The most important thing to remember about the Leggers’ training program is that redundancy is built in: you can miss a week or even three and still step to the start line of the marathon with confidence. You will have multiple chances to complete 18 and 20 mile training sessions, and if you’ve got one of those under your water belt then you’re good.

So if you have a cold or flu, how do you know if you’re fit to run or walk? And how do you know what you’ve got?

Only your medical professional can make a diagnosis, but here’s a handy chart from the National Foundation of Infectious Diseases to help you understand the different characteristics of the big four winter foes we’ve got to watch out for. Again: consider these broad guidelines…consult your doctor for diagnosis and treatment!



The Leggers want you to make sure you’re taking care of yourself and the others in your group, so if you have any symptoms of COVID or flu, make sure you stay home and take care of yourself! If you have a fever you should absolutely stay home, and if you have a sore throat or loss of taste/smell (both COVID symptoms) take a COVID test and stay home. Body aches, fatigue, chest congestion, and productive coughs are signs of flu and COVID and they should also keep you home.

There’s an old rule of thumb that might be helpful: if your symptoms are from the neck down, stay home! From the neck up you MIGHT be OK to train: hay fever and sinus infections, for example, are prevalent at this time of year. It can take me a month to get over the drip-drip of a sinus infection, but I am not contagious and so it’s OK for me to train with the group.

However, if you’ve got other people in the house who are also sniffling you might be experiencing the Common Cold (which is really one of several different rhinoviruses that circulate every year). Sore throat can also be a symptom here (which is why the COVID test is handy), but symptoms are usually more mild than flu or COVID. If your head cold is active you may still be contagious, so it’s best to not expose others. When in doubt: sit it out!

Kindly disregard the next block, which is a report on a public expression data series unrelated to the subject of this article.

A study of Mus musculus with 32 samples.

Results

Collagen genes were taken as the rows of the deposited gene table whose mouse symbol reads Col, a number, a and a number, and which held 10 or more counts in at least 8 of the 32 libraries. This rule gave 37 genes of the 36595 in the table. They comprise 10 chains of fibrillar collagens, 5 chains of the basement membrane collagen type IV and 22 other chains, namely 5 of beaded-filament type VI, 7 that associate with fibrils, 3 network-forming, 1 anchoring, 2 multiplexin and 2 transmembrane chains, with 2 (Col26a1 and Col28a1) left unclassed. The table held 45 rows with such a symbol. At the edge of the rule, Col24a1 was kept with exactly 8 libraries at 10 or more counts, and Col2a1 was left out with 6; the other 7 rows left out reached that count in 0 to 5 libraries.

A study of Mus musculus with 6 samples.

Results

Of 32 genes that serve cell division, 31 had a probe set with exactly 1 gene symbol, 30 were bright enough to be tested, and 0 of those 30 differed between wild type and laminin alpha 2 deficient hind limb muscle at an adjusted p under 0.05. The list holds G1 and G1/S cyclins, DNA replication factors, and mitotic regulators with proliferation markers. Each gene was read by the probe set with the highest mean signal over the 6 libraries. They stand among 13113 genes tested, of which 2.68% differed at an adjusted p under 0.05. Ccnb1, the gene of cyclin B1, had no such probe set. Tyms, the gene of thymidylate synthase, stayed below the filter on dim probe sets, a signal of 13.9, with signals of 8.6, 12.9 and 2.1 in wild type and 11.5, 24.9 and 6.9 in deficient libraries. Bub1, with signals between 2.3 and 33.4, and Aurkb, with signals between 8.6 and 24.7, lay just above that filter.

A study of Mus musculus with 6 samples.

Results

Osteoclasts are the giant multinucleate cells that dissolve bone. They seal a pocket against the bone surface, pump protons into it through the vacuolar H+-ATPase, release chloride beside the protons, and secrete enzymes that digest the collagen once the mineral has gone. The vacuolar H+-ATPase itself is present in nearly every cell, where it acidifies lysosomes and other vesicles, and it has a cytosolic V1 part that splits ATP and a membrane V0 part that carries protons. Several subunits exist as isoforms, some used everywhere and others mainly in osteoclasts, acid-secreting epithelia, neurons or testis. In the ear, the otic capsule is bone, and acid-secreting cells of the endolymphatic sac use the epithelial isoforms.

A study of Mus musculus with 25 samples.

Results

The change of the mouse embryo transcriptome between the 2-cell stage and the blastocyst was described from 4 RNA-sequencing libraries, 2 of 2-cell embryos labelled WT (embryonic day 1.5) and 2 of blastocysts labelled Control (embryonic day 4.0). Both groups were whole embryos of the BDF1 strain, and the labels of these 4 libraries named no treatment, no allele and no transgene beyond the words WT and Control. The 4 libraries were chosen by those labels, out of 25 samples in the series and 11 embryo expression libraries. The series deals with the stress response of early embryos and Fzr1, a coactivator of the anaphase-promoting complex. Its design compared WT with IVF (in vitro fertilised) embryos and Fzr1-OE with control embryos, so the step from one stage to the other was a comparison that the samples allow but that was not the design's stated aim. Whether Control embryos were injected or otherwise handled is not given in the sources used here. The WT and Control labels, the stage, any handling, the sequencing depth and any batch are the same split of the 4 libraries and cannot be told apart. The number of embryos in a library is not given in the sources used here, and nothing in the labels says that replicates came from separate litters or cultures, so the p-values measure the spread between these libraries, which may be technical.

There’s one more illness you’ve probably heard about: RSV or respiratory syncytial virus. Wheezing is what often distinguishes RSV — that and the fact that it’s often more transmissible than the other three. In Los Angeles County RSV has been on the rise for the last month or so, while COVID (which had a small surge late in the summer) seems to be fading for the moment. RSV is a worry because it can be quite dangerous for older adults and very young children. If you’re 60 or over, check with your doctor about an RSV vaccination.

Speaking of vaccinations: they’re a really, really good idea. If not for you, then for the youngsters and oldsters in your life. If you aren’t transmitting RSV or COVID, then grandpa and the newborn are less like to contract them. And in case you haven’t heard, this fall’s COVID vaccine is not technically a “booster” since it was formulated to respond to a specific Omicron variant that started over the summer. LA County Public Health has a helpful site here to answer all your vaccine questions:

A lot of people wonder if working out will help you recover more quickly, and there are two answers to that. First, since you’re months into a marathon training program you are already ahead of the game. Your illness is likely to be less severe and your recovery shorter. There is no science on whether or not starting to do workouts as you recover will make you better faster, but there’s plenty of science that says workouts will make you FEEL better. In other words, the science says yes but it’s subjective.

When you do get back on the road, take it easy on yourself! Try doing shorter distances, or try going out with a slower group. That’s another key Leggers feature: you can always drop back a pace group or two to get back in gear. Meet some new Leggers and get back on track slowly. Don’t rush your recovery: we’ll get you to the marathon if you just take care of yourself!